Russian mine still a danger
Methane gas levels hampering rescuers
MOSCOW – Rescue workers scrambled to save dozens of people trapped in Russia’s largest underground coal mine after two explosions killed at least 30 people and injured dozens more, officials said. Among the 60 still trapped early today were rescue workers who had entered the Siberian mine after the first blast.
A high level of methane gas after Sunday’s second, more powerful blast raised fears of further explosions and prevented more rescuers from going into the mine for the rest of the day.
Only early today was the first rescue team sent down to try to bring out five miners whose location had been established, said Valery Korchagin, a spokesman for the Emergency Ministry. It was not clear, however, how many miners were still alive, if any, he said.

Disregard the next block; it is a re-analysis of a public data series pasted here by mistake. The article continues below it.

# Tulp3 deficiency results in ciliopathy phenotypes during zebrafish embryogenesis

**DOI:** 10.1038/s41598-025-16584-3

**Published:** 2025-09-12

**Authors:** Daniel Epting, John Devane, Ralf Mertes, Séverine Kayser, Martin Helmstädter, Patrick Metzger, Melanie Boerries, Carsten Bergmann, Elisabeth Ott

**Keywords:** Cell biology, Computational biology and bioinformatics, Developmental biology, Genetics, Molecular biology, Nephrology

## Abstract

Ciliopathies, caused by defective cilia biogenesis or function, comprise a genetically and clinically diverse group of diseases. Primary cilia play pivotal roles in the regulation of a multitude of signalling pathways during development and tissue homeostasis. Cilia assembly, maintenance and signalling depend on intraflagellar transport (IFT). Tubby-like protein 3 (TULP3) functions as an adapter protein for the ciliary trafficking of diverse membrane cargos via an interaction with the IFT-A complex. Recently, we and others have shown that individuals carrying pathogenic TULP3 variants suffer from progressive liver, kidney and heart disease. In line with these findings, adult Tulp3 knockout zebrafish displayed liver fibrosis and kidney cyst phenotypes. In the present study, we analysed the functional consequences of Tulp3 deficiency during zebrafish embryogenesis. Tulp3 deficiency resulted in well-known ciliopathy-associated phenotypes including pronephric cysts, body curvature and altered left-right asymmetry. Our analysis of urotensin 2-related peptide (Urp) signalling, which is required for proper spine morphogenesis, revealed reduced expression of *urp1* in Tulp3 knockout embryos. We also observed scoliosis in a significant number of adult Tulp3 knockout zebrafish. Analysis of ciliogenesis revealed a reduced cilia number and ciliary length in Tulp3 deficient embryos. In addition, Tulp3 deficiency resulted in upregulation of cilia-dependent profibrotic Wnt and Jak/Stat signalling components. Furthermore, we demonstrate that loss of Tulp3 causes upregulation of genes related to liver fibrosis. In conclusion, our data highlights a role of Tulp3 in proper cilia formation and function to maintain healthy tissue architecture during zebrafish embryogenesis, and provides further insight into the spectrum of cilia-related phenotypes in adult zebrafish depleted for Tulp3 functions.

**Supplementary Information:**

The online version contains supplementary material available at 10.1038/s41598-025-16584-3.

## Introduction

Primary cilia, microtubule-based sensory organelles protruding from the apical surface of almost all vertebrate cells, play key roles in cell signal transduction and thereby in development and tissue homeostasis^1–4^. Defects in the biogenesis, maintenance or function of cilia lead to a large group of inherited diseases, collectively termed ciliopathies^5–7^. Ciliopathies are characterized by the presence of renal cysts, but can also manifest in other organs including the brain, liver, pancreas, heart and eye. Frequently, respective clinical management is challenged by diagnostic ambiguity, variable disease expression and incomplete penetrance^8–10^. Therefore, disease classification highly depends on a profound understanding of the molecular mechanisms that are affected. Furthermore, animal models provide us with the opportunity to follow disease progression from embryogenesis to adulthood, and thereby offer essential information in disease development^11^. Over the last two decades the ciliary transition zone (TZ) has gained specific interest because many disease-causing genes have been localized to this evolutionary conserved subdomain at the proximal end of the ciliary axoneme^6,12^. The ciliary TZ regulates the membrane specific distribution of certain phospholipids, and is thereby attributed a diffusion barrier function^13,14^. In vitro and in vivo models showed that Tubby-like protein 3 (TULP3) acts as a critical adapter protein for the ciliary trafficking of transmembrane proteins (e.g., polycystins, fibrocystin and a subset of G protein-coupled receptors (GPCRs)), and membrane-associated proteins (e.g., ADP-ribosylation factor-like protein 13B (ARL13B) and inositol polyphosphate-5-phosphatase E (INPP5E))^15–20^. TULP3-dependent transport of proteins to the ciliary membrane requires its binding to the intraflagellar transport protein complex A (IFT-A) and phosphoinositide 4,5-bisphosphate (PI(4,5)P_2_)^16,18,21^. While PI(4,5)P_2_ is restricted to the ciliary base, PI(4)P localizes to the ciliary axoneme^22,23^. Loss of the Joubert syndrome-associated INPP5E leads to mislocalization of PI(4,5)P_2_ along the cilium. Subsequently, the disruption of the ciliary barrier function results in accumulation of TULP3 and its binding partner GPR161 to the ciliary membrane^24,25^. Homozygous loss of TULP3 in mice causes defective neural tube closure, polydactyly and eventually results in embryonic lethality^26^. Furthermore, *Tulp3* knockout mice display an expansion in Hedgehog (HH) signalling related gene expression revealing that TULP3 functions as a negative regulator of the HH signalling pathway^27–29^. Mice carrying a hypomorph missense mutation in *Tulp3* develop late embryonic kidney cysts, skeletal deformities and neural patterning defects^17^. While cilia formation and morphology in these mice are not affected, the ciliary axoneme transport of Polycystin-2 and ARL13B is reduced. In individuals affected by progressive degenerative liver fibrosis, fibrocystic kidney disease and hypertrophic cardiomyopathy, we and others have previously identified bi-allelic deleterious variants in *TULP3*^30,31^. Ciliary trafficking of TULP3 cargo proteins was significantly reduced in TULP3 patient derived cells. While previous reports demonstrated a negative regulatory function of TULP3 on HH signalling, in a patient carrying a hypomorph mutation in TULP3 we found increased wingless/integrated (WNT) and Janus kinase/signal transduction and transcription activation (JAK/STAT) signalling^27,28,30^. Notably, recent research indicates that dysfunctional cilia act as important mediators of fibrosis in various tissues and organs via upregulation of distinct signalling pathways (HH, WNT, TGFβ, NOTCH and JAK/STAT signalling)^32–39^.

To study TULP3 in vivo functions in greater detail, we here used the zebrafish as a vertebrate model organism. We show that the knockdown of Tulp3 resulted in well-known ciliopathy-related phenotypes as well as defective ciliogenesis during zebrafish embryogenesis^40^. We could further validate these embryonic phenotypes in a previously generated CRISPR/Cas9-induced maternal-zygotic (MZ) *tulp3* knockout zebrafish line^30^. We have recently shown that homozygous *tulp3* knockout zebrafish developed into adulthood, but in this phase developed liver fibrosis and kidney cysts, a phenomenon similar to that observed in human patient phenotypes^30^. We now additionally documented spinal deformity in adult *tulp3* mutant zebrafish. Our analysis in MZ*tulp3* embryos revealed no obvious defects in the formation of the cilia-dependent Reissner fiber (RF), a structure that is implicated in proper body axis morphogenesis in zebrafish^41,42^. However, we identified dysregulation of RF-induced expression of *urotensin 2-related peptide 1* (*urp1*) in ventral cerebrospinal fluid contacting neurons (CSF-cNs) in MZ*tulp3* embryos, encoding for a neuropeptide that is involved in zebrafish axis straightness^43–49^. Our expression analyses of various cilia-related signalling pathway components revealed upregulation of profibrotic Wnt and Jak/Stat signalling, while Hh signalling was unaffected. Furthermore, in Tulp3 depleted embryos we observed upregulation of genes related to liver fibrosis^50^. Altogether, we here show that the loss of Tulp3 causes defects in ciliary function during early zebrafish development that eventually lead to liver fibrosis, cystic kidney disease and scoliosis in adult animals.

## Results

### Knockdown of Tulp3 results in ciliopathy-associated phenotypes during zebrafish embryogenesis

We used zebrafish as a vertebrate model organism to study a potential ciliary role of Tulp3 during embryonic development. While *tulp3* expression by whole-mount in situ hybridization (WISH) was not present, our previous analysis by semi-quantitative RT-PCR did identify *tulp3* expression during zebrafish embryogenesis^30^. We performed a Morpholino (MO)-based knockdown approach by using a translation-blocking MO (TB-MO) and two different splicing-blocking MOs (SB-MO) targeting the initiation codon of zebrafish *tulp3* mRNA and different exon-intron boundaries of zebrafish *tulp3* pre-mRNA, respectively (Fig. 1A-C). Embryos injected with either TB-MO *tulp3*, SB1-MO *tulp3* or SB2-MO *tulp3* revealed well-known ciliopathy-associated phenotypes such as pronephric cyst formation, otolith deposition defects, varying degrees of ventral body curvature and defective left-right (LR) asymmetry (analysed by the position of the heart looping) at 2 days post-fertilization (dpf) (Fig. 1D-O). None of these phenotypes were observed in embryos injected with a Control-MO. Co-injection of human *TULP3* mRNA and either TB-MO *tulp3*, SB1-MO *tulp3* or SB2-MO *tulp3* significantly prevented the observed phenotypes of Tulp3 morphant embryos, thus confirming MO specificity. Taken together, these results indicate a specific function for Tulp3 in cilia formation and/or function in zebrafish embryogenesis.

The second explosion destroyed the main air shaft and all of the mine’s above-ground structures, the governor of the Siberian region of Kemerovo told Prime Minister Vladimir Putin during a meeting with emergency officials, according to a government transcript.
More than 500 emergency workers from around the country struggled throughout the day to ventilate the mine and rebuild mine shafts so the search for those trapped could resume, Korchagin said by telephone from Kemerovo, about 2,000 miles east of Moscow.
By late Sunday, it was still too dangerous to enter the mine because of high levels of methane gas, said Emergency Minister Sergei Shoigu, who flew to the scene from Moscow to take charge of the operation.